Dr Andrew Jones-Cathcart
Associate Professor of Philosophy
College of the Canyons
FALL 2012 CLASSES
WINTER 2010 COURSES:
SPRING 2011 COURSES:
Introduction to Philosophy
Due: May 18th, 2011 (MW) or May 19th (TTH) (Note that the deadline has been extended.)
The requirements for this paper are essentially the same as the previous two: you must have a thesis; you must argued for your thesis, and you must explain the opposing positions on a philosophical topic as developed by different philosophers.
Choose one of the following topics:
1. Do I have free will? Write an essay that tries to resolve this question through a close examination of Hospers, Stace, and James. Your essay should clearly explain ideas in such as determinism, incompatibilism, compatibilism, moral responsibility, pragmatism, judgments of regret, indeterminism, the Oxford-Divinity thought experiment, and the Chicken Sandwich thought experiment.
2. Compare and contrast the different theories of personal identity discussed in class this semester: body, soul, psychological and bundle. Which theory of personal identity is most convincing and why?
3. Søren Kierkegaard and Jean-Paul Sartre offer us two similar but radically different approaches to the problem of modern existence. While Kierkegaard argues for three distinct spheres of existence and the supremacy of the religious life, Sartre agrees with Nietzsche’s dictum, “God is dead,” and affirms the freedom of the individual over against religious and ethical standards imposed by others. For Kierkegaard, we are most free when, like Abraham, we live an absurd faith, whereas Sartre claims that placing our reliance on the divine (or other persons or things) is the antithesis of authentic freedom; it is, to borrow Sartre’s own phrase, a form of bad faith.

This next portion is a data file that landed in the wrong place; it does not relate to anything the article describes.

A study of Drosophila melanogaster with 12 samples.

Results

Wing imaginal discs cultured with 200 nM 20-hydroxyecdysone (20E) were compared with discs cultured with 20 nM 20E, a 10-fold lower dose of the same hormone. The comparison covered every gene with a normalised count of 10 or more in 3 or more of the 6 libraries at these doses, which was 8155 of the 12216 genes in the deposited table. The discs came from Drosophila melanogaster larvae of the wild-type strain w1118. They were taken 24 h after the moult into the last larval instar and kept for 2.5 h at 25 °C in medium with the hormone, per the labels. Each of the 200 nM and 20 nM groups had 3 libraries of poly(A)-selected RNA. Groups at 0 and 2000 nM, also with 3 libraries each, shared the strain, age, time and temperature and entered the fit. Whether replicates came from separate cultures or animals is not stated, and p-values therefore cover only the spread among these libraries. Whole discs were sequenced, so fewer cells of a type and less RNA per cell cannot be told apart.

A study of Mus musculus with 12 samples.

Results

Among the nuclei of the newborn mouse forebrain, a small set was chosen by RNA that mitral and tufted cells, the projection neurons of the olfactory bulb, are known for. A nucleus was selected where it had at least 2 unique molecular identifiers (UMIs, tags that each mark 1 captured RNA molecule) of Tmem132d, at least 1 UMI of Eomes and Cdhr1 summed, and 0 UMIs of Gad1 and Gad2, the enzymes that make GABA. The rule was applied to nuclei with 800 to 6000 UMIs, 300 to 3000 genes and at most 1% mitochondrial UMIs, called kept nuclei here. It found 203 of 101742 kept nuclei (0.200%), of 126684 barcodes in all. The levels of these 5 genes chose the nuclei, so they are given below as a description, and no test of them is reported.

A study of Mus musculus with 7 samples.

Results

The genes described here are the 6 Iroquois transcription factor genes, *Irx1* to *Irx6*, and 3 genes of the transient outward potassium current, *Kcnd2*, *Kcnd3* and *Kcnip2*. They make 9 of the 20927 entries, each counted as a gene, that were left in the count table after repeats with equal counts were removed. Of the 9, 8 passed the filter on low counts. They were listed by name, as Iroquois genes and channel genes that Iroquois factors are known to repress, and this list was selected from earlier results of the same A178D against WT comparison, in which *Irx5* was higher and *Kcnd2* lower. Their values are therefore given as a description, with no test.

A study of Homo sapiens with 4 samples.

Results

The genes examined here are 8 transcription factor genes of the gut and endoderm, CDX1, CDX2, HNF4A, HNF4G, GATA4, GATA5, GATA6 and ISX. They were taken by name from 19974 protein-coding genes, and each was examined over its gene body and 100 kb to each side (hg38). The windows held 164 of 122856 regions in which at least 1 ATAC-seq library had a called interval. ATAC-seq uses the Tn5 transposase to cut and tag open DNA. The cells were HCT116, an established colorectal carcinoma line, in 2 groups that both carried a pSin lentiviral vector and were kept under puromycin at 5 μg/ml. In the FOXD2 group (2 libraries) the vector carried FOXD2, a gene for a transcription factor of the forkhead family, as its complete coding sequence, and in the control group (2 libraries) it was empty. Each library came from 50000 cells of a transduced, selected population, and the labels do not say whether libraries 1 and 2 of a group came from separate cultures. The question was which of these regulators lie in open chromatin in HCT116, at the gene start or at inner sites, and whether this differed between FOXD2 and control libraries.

Whose existential analysis of life is more accurate? Kierkegaard’s or Sartre’s?
To answer this question, write an essay in which you explain the philosophical approaches to existence developed by each thinker. Questions and concerns to raise and address in the paper should include
-How does Kierkegaard’s own life help us to understand his writings?
-What is indirect communication? How does Kierkegaard employ this form of communication in his writings? Why does he choose to communicate in this way?
-Describe the characters in the diary. Who wrote the diary? Is the diary we read in class a copy of the original or a copy of a copy? Explain the significance of this distinction in Kierkegaard’s thought.
-What is the aesthetic? How does Johannes exemplify this sphere?
-What is the ethical? How does the ethical differ from the aesthetic and the religious? What does it mean to “choose oneself in despair”? With which pseudonym is the ethical most closely associated?
-What is the religious? With what biblical figure is this sphere most closely associated? Fear and Trembling is attributed to Johannes de Silentio. What is the significance of this name?
-In what sense is the religious absurd?
-What the advantages and disadvantages to each of the spheres of existence Kierkegaard analyzes?
-What sphere did Kierkegaard personally believe was the best? Why?
-Who are the characters in No Exit? What are their individual backgrounds? Their likes and dislikes? Their motives and interests?
-Where is the play set? Why did Sartre set the play in this location?
-Why is the play called No Exit?
-Locate and discuss at least three examples from the play that illustrate the following existential themes:
alienation, existence precedes essence, despair, anxiety, death, free will
-Why do none of the characters leave the room when given the chance? In what sense are they “inseparables”?
-Why are there no mirrors or reflective surfaces in the room?
-What does the bronze statue on the mantelpiece likely represent?
-How do the characters in the play illustrate Sartre’s claim that we are condemned to be free? What does this expression mean?
-What is the significance of the characters’ shared ability to eavesdrop on the lives of others?